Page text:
Nottinghamshire contained the City of Nottingham from 1974 until 1998 when it became a unitary authority but part of Nottinghamshire for ceremonial purposes.
Nottinghamshire’s involvement with the legend of Robin Hood is the reason for the amount of tourists who visit places like Sherwood Forest, City of Nottingham and the surrounding villages in Sherwood Forest. The University of Nottingham initiated the Nottingham Cave Survey in an attempt to reinforce the connection to Robin Hood and increase tourism to the area. 3D laser scanners will be used to document over 450 sandstone caves within Nottingham, producing three dimensional records.
The name Nottinghamshire first occurs in 1016, but until 1568 the county was administratively united with Derbyshire, under a single Sheriff. The Roman Fosse Way lies through Nottinghamshire and there are examples of Roman settlements within the county. Nottinghamshire was settled by Angles around the 5th century, and became part of the Kingdom, and later Earldom, of Mercia. However, there is evidence of Saxon settlement at Oxton, near Nottingham, and Tuxford, east of Sherwood Forest.
Woolen industries and malting were developed in Nottinghamshire in Norman times and the lace industry grew with the advent of the industrial revolution. Collieries opened in Nottinghamshire in the 19th century allowing mining to become an imprtant economic sector.
Nottinghamshire was divided into eight Wapentakes until 1610. Sometime between 1610 and 1719 they were reduced to six - Newark, Bassetlaw, Thurgarton, Rushcliffe, Broxtowe and Bingham, some of these names still being used for the modern districts.
The first mapping of Nottinghamshire took place in 1576 by Christopher Saxon, John Chapman produced the first fully surveyed map of Nottinghamshire in 1774. This map contained information on roads, villages, tollbars, parklands, mills, milestone and physical features and was the first map of a sufficiently useful scale to be widely used.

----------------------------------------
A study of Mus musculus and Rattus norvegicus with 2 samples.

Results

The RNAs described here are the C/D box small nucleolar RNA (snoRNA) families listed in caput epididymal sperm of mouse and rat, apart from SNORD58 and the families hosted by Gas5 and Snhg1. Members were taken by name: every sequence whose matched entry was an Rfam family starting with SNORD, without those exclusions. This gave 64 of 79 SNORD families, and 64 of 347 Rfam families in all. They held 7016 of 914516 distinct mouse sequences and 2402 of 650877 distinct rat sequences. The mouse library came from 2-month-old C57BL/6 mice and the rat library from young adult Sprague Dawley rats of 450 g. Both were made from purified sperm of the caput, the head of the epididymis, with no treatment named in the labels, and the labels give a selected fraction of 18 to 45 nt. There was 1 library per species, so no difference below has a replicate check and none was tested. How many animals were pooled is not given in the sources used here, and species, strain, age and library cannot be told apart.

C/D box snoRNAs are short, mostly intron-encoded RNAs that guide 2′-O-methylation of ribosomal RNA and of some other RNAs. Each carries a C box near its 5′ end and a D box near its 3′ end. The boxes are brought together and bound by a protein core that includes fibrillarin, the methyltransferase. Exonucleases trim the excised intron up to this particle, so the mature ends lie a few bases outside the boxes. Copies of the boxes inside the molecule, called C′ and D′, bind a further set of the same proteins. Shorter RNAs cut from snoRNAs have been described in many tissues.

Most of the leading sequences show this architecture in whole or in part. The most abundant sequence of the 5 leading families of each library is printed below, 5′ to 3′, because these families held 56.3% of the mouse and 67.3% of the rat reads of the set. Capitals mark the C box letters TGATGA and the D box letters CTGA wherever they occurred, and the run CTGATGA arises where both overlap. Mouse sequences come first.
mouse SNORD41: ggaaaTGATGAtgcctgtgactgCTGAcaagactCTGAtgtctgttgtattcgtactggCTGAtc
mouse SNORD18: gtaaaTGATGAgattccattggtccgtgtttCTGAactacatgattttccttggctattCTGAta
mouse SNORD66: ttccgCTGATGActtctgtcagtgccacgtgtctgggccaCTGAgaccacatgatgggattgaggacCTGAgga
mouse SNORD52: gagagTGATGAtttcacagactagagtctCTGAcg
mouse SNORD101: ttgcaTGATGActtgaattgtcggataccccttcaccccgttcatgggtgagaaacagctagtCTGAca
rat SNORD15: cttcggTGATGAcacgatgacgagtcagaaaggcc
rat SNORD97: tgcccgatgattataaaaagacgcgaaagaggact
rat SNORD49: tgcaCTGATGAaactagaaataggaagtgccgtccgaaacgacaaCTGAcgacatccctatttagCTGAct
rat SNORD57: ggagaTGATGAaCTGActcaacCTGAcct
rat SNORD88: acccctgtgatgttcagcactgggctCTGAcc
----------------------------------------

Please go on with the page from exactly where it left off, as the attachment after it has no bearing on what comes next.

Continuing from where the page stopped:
The north of Nottinghamshire is particularly rich in coal measures, at some points up to 900 metres thick. There is an oilfield near Eakring. These are overlaid by sandstones and limestones in the west and clay in the east.
Principal rivers are the Erewash, Trent, Soar and Idle. The Trent River is merged by its tributaries at a point near the town of Misterton. Strawberry Bank in Huthwaite is the highest natural point in Nottinghamshire at 203m, while Silverhill, a spoil heap left by the former Silverhill colliery, is the highest man-made point at 205m. Nottinghamshire is sheltered by the Pennines to the west, so receives relatively low rainfall at 641-740 mm annually.
The poet Lord Byron had his ancestral home of Newstead Abbey in Nottinghamshire, which he later sold in 1818. Nottingham City Council now owns the building and has opened it to the public. Eastwood in Nottinghamshire was the home to the well known author D.H.Lawrence.
Toton was the birthplace and home of English folk singer-songwriter Anne Briggs, well known for her song 'Black Waterside'. Northern Nottinghamshire has strong links with the Pilgrim Fathers. William Brewster, for example, came from the village of Scrooby and was influenced by Richard Clyfton, who preached at Babworth.
Nottinghamshire County Cricket Club are a first class cricket club who play at Trent Bridge in West Bridgford. They won the County Championship in 2010. Nottinghamshire has a number of notable football teams, Notts County play in League One, Mansfield Town are a Conference National side and Nottingham Forest are a Championship Club. Other notable sporting teams are the Nottingham Rugby Football Club and the Nottingham Panthers Ice Hockey Club. Nottinghamshire is twinned with the province of Wielkopolska in Poland and its capital city, Poznan.